You can opt for a Medicare Advantage Plan with a zero-dollar premium, but you’ll still pay health care costs.
Insurance companies can afford to offer $0 Medicare Advantage plans because the federal government subsidizes the plans, says Grant Dodge, a broker at Health Benefits Associates, Inc., in Reno, Nevada. “When a Medicare beneficiary enrolls in a Medicare Advantage plan, the federal government is no longer the primary payer for medical expenses. Instead, the insurance company takes on this risk. In exchange, the government provides the insurance company with funding,” he explains.
Because of government funding, insurance companies can offer a variety of competitive plans to attract potential consumers. Sometimes, that means offering zero-dollar premium options. According to a Kaiser Family Foundation report, more than nine out of 10 beneficiaries (98%) had access to a Medicare Advantage plan with no monthly premium in 2022.
Having a zero-dollar premium Medicare Advantage plan means that you don’t have to pay an extra monthly premium to the private plan provider. But having a zero-dollar premium plan doesn’t mean your health care is free.
“Even if a Medicare beneficiary enrolls in a $0 Medicare Advantage plan, they still need to pay their Part B premium to the federal government unless they are getting financial assistance,” says Dodge. For 2022, the standard Part B premium cost is $170.10 per month.
Look carefully at each Medicare Advantage Plan to determine which one is best for your health and budget. In many cases, a plan with greater coverage that costs a few dollars per month could end up being more cost-effective than a zero-premium plan depending on your health needs. To give you some perspective, in 2021, just 65% of enrollees chose a zero-dollar premium plan.
You could have health care for no cost (or close to it) if you’re eligible for both Medicare and Medicaid. Dual eligibles who qualify for both programs can sign up for Medicare Advantage Plans and get secondary coverage from Medicaid.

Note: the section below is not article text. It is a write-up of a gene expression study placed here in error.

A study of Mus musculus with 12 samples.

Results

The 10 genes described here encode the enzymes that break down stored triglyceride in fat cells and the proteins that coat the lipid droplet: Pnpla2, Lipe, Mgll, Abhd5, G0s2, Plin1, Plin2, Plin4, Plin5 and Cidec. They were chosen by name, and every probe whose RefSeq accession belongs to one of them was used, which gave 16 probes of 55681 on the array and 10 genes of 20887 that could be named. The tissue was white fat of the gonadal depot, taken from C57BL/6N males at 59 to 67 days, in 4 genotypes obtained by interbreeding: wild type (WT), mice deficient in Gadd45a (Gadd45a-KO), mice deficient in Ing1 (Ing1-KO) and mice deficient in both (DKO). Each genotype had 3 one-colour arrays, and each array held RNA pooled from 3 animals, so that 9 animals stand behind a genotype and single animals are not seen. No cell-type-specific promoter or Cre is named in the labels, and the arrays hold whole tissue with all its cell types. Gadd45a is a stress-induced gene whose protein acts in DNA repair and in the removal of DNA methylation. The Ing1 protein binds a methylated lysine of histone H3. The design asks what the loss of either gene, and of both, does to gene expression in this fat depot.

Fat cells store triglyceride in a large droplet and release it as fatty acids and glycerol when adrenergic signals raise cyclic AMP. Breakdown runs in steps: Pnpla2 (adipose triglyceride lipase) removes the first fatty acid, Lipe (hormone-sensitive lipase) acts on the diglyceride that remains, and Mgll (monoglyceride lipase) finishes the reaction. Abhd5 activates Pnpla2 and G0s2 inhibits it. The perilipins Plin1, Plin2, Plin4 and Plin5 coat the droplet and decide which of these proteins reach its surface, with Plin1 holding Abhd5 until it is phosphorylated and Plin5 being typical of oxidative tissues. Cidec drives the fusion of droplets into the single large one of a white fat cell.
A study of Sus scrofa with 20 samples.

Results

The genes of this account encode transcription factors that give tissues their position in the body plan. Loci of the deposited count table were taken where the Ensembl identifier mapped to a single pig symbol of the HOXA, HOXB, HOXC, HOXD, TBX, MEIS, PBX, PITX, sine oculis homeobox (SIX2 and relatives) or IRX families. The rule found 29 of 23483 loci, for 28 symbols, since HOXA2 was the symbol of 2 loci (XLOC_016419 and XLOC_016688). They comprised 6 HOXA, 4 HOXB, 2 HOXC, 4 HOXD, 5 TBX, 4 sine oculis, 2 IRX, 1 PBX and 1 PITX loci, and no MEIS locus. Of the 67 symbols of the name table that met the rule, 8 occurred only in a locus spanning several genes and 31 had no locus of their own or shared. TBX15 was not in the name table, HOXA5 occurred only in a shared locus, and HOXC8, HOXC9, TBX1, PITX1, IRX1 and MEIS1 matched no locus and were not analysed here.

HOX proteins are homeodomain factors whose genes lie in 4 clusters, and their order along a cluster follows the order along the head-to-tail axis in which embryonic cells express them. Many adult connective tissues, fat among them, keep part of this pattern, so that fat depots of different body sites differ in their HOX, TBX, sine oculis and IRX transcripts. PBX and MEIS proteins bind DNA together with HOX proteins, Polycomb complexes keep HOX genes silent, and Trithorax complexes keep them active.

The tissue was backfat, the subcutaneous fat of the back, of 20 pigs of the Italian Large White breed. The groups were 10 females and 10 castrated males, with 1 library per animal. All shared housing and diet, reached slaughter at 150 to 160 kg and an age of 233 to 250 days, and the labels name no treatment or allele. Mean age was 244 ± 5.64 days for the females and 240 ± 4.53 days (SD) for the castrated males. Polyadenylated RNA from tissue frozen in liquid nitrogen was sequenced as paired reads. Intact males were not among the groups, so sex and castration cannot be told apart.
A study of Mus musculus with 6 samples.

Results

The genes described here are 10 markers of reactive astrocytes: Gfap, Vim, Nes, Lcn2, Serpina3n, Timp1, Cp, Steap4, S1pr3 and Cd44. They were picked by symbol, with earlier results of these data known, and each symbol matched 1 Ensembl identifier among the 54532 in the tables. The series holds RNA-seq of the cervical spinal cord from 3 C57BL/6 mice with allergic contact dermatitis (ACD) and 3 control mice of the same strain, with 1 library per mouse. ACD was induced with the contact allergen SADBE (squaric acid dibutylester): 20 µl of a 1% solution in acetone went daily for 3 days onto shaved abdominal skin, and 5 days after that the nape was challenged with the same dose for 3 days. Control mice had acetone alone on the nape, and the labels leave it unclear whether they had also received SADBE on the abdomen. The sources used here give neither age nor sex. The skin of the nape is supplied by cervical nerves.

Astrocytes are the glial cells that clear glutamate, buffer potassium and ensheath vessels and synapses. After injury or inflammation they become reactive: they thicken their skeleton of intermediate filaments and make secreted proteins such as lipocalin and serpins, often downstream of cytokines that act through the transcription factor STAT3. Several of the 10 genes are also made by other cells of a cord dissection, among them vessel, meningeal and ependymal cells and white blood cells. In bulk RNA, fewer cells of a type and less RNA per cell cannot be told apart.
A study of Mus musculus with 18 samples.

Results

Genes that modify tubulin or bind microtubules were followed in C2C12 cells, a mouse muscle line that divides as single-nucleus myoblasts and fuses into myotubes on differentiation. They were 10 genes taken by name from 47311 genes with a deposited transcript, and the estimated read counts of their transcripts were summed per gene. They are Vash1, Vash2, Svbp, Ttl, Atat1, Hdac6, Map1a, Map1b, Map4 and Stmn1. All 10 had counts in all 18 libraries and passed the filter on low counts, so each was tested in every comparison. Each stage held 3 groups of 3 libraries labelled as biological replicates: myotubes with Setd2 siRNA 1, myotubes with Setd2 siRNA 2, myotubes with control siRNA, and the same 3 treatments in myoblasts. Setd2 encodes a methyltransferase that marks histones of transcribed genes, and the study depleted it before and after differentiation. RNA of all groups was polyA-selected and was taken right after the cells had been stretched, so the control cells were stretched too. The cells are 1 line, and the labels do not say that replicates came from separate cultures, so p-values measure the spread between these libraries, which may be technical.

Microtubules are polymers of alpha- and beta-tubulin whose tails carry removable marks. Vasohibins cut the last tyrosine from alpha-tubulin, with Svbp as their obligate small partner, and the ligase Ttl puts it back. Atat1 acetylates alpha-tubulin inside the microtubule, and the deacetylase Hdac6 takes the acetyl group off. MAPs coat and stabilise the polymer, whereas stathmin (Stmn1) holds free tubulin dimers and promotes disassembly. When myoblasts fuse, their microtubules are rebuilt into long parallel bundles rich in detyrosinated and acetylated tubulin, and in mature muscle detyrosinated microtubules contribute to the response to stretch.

Your secondary Medicaid coverage can pay for some expenses you’d otherwise pay out-of-pocket with Medicare. You may qualify for a Low Income Subsidy (LIS), which lowers the cost of Medicare prescription drug coverage. With a zero-premium Medicare Advantage Plan, Medicaid, and LIS, the combined programs should cover most, if not all, of your medical expenses.
“Not only do these plans have $0 monthly premiums, but they also have $0 copays and out-of-pocket expenses for medical services,” says Dodge. “This means that Medicare beneficiaries who are dual-eligible can go to the doctor, the ER, fill prescriptions, etc., without spending a dime.”
Medicare Advantage Plans combine your Part A and Part B coverage, and many also include drug coverage (Part D). If you choose a zero-dollar plan, you don’t have a monthly fee to pay to that plan provider.
Otherwise, zero-premium plans work the same as other Medicare Advantage Plans in that you will have to pay your Part B premium to Medicare. You may have to stay within the plan’s health care provider network to reap the full benefits. Medicare Advantage Plans also limit the amount of out-of-pocket expenses you’ll pay each year for covered services.
If you have Original Medicare Parts A and B, you can choose to enroll in a $0 premium Medicare Advantage Plan if it’s available to you, says Dodge. But like any insurance plan, it’s essential to read the plan rules. Understand the full scope of coverage and what you’re responsible for paying in terms of co-pays and drug costs. Finally, you’ll also want to confirm that your health care providers are part of the network.
It would be foolish to choose a plan simply because it has a zero-dollar premium, only to realize afterward that it doesn’t adequately cover your prescriptions or that your doctors don’t take the plan. But if you can find a no-premium plan that has everything you need, then you might as well save a few bucks each month.
This expert was consulted for insight into understanding Medicare Advantage premiums:
Grant Dodge, broker at Health Benefits Associates, Inc., in Reno, Nevada
LeRon Moore has guided Medicare beneficiaries and their families as a Medicare professional since 2007. First as a Medicare provider enrollment specialist and now a Medicare account executive, Moore works directly with Medicare beneficiaries to ensure they understand Medicare and Medicare Advantage Plans.
Moore holds a bachelor’s degree from Southern New Hampshire University and is A+ Certified with a Medical Records Clerk Certification and Medical Terminology Certification from Midlands Technical College.
He’s passionate about educating, informing, and resolving issues concerning Medicare and Medicare Advantage Plans, and considers it imperative that he does all he can to educate and inform the senior community as much as possible about Medicare.